As President of Informed Strategies, LLC, Judy Luther is a publishing professional leading a team that provides data analysis and market intelligence in support of business decisions and provides a customer-oriented perspective in the design and development of electronic products and services. Her prior experience includes managing sales at the Institute for Scientific Information (now Clarivate Analytics) and at Faxon, preceded by her work within the academy managing libraries and collections (Embry-Riddle Aeronautical University, & Stetson University). Luther is Past President for the Society for Scholarly Publishing (SSP) and currently writes for the SSP blog, the Scholarly Kitchen. She has also served on the boards of the North American Serials Interest Group (NASIG) and the Association for Information and Dissemination Centers (ASIDIC); Co-Chair of the NISO Working Group that created SERU (Shared Electronic Resources Understanding); and led the creation of the Juried Product Development Forums for the Charleston Conference.
Network and knowledge – these two key words that I associate with SSP define the benefits I’ve received over the twenty years I’ve been a member. As the Society for Scholarly Publishing SSP has continued to grow and includes individuals with a broad range of expertise in creating scholarly content, not just publishers. In welcoming people working for societies, commercial publishers, standards organizations, academic libraries, vendors, technologists, printing, and companies offering software solutions, SSP has created both the network and knowledge base that makes it so valuable.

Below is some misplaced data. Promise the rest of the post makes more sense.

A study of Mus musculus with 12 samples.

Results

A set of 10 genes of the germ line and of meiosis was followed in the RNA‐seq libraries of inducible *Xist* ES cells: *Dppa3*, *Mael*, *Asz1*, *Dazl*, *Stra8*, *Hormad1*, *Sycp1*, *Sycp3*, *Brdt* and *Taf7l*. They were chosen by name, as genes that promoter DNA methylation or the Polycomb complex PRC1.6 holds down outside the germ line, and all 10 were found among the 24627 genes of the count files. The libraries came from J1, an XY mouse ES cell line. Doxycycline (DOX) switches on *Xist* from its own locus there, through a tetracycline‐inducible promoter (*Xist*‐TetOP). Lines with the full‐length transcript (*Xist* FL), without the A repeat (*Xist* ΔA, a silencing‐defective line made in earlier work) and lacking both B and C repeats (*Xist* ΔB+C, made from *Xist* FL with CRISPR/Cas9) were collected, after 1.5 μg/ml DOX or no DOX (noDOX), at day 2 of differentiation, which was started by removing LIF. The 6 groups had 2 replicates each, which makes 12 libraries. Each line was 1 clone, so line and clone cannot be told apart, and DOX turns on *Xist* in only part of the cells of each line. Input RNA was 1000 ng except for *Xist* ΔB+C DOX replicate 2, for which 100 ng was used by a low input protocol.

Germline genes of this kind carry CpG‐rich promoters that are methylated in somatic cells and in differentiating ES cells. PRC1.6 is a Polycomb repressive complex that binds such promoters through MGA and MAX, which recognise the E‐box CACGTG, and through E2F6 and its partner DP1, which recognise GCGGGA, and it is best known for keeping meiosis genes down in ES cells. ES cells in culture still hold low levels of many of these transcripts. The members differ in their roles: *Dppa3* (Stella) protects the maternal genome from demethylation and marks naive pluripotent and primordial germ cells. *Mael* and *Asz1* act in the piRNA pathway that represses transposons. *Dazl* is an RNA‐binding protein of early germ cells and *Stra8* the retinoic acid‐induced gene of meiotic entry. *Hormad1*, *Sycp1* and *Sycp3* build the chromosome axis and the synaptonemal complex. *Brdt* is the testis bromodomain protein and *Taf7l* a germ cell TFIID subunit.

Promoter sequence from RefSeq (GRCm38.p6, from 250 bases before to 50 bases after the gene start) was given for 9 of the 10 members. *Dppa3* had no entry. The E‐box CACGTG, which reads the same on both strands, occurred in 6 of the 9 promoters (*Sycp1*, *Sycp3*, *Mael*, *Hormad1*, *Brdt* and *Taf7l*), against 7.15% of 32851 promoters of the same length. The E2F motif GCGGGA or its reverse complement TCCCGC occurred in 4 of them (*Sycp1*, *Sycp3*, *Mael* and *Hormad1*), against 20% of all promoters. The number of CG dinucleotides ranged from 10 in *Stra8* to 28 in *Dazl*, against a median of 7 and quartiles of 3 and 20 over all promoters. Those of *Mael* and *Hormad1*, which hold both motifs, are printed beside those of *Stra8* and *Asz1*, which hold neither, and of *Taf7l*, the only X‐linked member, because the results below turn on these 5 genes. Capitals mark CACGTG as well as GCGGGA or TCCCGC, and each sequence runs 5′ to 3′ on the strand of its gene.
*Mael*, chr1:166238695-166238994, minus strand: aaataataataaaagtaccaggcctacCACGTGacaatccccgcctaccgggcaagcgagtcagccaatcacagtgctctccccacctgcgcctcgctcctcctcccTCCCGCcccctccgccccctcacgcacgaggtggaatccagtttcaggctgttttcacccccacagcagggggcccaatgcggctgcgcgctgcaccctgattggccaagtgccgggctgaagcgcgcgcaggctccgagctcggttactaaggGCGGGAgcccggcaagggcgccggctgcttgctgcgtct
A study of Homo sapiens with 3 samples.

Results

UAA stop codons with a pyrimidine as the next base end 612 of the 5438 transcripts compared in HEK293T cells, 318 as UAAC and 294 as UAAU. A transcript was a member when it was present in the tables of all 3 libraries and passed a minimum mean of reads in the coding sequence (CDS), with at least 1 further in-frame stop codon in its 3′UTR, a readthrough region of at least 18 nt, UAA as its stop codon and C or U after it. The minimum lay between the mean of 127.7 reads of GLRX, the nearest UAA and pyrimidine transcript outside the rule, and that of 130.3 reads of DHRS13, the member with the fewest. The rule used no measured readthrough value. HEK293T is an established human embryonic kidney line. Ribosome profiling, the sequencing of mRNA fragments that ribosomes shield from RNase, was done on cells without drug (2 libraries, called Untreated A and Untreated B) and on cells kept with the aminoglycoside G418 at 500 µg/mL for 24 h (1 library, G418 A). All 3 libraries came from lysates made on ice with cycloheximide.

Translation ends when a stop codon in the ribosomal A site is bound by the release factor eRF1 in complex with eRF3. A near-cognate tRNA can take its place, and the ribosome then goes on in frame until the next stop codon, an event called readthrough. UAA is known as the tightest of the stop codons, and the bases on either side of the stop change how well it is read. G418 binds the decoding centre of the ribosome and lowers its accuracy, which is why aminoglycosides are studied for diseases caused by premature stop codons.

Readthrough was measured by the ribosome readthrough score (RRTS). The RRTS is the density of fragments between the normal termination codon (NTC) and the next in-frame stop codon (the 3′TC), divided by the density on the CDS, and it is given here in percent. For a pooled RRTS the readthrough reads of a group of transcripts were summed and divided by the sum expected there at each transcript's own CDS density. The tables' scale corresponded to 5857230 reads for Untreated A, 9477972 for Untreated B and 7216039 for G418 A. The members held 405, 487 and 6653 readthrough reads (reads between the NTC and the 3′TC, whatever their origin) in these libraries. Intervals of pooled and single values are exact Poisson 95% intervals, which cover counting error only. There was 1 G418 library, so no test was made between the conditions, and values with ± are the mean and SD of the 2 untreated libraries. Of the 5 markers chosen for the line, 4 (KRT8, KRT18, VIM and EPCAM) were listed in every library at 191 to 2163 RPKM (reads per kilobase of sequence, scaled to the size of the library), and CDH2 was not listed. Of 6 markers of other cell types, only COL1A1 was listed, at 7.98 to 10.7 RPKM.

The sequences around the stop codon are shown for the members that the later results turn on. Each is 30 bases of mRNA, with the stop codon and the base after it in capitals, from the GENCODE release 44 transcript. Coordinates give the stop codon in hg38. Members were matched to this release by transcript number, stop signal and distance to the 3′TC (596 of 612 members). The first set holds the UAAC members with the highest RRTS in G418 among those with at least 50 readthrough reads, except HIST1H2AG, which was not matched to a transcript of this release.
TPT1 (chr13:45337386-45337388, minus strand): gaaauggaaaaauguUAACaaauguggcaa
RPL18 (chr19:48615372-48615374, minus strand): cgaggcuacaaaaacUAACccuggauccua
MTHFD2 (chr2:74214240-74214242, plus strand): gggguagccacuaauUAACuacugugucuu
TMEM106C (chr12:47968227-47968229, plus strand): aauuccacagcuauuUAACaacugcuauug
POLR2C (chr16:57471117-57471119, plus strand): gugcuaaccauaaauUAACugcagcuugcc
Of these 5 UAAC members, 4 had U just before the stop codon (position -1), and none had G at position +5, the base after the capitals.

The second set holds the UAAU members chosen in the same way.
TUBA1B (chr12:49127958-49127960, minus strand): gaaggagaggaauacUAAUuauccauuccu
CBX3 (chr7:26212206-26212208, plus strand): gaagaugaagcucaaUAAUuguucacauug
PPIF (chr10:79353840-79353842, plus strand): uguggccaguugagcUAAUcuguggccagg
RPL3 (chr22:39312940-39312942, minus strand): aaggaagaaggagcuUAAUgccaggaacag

The organization has thrived by engaging its members and in my experience volunteering is the key to getting the most from a membership in SSP. That is how I met many people I consider close friends and professional colleagues today. Through these relationships I have felt supported in my career and have gained insights from multiple perspectives. Whenever a question arises, I know someone who can expand on an issue or provide an alternative view.
When SSP was a smaller organization, I had the pleasure of sharing the work of CoChairing three different committees with Norman Frankel. My activities began in program planning which was a fun way to hear people I admire speak on topics of interest to the community. That led to being CoChair of that committee, followed by a shared leadership role on the membership and subsequently the development committees. With each assignment, I met a different group of people, developed additional skills, and was able to contribute to SSP’s sustainability.
In my work as an industry consultant I’ve had both the opportunity and the challenge of working on a variety of cross sector initiatives that involved participation by publishers, librarians and vendors. SSP is a rare organization in that it focuses on the development of publishing – which in a digital world is increasingly about the creation of content in different forms. I find SSP as vital today as it has been throughout the last two decades. Given its continued growth I expect it will play a leadership role in the landscape through this next phase of evolution.